Mizuki Fujii
Badminton-mizuki fujii.jpg
Personal information
Country Japan
Born (1988-08-05) 5 August 1988 (age 30)
Ashikita, Kumamoto, Japan
Height1.60 m (5 ft 3 in)
Weight60 kg (132 lb)
HandednessRight
Women's & mixed doubles
Highest ranking3 (WD 5 January 2012)
15 (XD 16 September 2010)
Current ranking381 (WD 13 September 2018)
BWF profile

Contents

AchievementsEdit

Olympic GamesEdit

Women's doubles

Year Venue Partner Opponent Score Result
2012 Wembley Arena, London, United Kingdom   Reika Kakiiwa   Tian Qing
  Zhao Yunlei
10–21, 23–25   Silver

Asian Junior ChampionshipsEdit

Girls' doubles

Year Venue Partner Opponent Score Result
2006 Kuala Lumpur Badminton Stadium,
Kuala Lumpur, Malaysia
  Yuriko Miki   Ma Jin
  Wang Xiaoli
10–21, 12–21   Bronze

BWF SuperseriesEdit

The BWF Superseries, launched on 14 December 2006 and implemented in 2007, is a series of elite badminton tournaments, sanctioned by Badminton World Federation (BWF). BWF Superseries has two level such as Superseries and Superseries Premier. A season of Superseries features twelve tournaments around the world, which introduced since 2011, with successful players invited to the Superseries Finals held at the year end.

Women's doubles

Year Tournament Partner Opponent Score Result
2011 India Open   Reika Kakiiwa   Miyuki Maeda
  Satoko Suetsuna
24–26, 15–21   Runner-up
2011 All England Open   Reika Kakiiwa   Wang Xiaoli
  Yu Yang
2–21, 9–21   Runner-up
2010 Korea Open   Reika Kakiiwa   Cheng Shu
  Zhao Yunlei
16–21, 15–21   Runner-up
     BWF Superseries Finals tournament
     BWF Superseries Premier tournament
     BWF Superseries tournament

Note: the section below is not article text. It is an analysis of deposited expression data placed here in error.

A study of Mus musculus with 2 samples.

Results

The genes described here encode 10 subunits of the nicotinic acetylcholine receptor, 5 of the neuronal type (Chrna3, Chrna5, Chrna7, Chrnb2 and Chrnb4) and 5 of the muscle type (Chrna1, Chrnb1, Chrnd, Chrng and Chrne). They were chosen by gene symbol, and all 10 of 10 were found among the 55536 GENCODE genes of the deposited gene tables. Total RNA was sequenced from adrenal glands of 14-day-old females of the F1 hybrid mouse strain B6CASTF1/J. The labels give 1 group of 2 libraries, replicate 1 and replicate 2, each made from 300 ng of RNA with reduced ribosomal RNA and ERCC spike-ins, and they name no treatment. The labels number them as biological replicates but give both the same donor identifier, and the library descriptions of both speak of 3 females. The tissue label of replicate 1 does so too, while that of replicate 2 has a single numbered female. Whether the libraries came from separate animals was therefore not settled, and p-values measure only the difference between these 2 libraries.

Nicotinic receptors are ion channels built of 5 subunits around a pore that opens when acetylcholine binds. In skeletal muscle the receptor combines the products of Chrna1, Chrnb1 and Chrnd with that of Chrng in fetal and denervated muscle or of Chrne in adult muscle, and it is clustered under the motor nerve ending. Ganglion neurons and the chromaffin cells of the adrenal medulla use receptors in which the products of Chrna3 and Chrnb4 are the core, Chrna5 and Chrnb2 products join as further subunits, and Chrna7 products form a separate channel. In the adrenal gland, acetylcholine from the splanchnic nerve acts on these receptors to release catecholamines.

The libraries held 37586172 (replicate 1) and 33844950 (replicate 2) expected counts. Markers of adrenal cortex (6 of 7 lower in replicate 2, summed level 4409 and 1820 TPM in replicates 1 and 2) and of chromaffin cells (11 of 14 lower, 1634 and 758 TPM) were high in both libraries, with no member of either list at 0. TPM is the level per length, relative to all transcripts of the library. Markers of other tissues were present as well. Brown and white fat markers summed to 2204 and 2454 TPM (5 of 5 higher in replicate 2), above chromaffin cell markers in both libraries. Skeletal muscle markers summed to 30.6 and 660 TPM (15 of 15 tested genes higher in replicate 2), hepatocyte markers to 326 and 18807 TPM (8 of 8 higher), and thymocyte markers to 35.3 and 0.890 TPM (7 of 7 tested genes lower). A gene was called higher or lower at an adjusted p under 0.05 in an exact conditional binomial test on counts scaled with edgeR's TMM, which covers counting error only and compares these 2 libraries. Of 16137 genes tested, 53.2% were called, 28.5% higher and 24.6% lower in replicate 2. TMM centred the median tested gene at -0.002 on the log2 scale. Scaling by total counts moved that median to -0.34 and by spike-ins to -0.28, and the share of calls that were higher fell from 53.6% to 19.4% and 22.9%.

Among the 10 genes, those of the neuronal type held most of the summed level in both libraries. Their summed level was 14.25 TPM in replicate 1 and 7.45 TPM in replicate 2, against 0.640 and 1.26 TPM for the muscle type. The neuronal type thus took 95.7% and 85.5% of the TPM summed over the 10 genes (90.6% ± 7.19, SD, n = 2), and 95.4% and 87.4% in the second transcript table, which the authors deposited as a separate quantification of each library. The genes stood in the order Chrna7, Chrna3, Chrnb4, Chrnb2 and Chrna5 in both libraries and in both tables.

BWF Grand PrixEdit

The BWF Grand Prix has two levels: Grand Prix and Grand Prix Gold. It is a series of badminton tournaments, sanctioned by Badminton World Federation (BWF) since 2007.

Women's doubles

Year Tournament Partner Opponent Score Result
2011 Bitburger Open   Reika Kakiiwa   Emelie Lennartsson
  Emma Wengberg
21-8, 21–11   Winner
2011 German Open   Reika Kakiiwa   Ha Jung-eun
  Kim Min-jung
21-6, 21–14   Winner
2010 Dutch Open   Reika Kakiiwa   Valeria Sorokina
  Nina Vislova
19-21, 19–21   Runner-up

Mixed doubles

Year Tournament Partner Opponent Score Result
2011 Australian Open   Hirokatsu Hashimoto   Songphon Anugritayawon
  Kunchala Voravichitchaikul
15–21, 9–21   Runner-up
     BWF Grand Prix Gold tournament
     BWF Grand Prix tournament

BWF International Challenge/SeriesEdit

Women's singles

Year Tournament Opponent Score Result
2008 Australian International   Megumi Taruno 21–16, 21–17   Winner

Women's doubles

Year Tournament Partner Opponent Score Result
2018 Belgian International   Nao Ono   Delphine Delrue
  Léa Palermo
19–21, 14–21   Runner-up
2010 Osaka International   Reika Kakiiwa   Misaki Matsutomo
  Ayaka Takahashi
21–19, 21–16   Winner
2009 Austrian International   Reika Kakiiwa   Shizuka Matsuo
  Mami Naito
15–21, 18–21   Runner-up
2008 Canadian International   Reika Kakiiwa   Aki Akao
  Tomomi Matsuda
21–15, 21–15   Winner

Mixed doubles

Year Tournament Partner Opponent Score Result
2010 Osaka International   Hirokatsu Hashimoto   Kenichi Hayakawa
  Shizuka Matsuo
14–21, 11–21   Runner-up
     BWF International Challenge tournament
     BWF International Series tournament

Record against selected opponentsEdit

ReferencesEdit

  1. ^ "選手: 藤井 瑞希 (ふじい みずき)". www.joc.or.jp (in Japanese). Japanese Olympic Committee. Retrieved 17 May 2017.
  2. ^ "Fujii, Kakiiwa earn silver after falling to Chinese duo in badminton final". www.japantimes.co.jp. The Japan Times. Retrieved 17 May 2017.
  3. ^ "フジカキ思わぬ形で解散/バドミントン". www.nikkansports.com (in Japanese). Nikkan Sports. Retrieved 17 May 2017.
  4. ^ "Mizuki Fujii Head to Head". www.tournamentsoftware.com. Badminton World Federation. Retrieved 17 May 2017.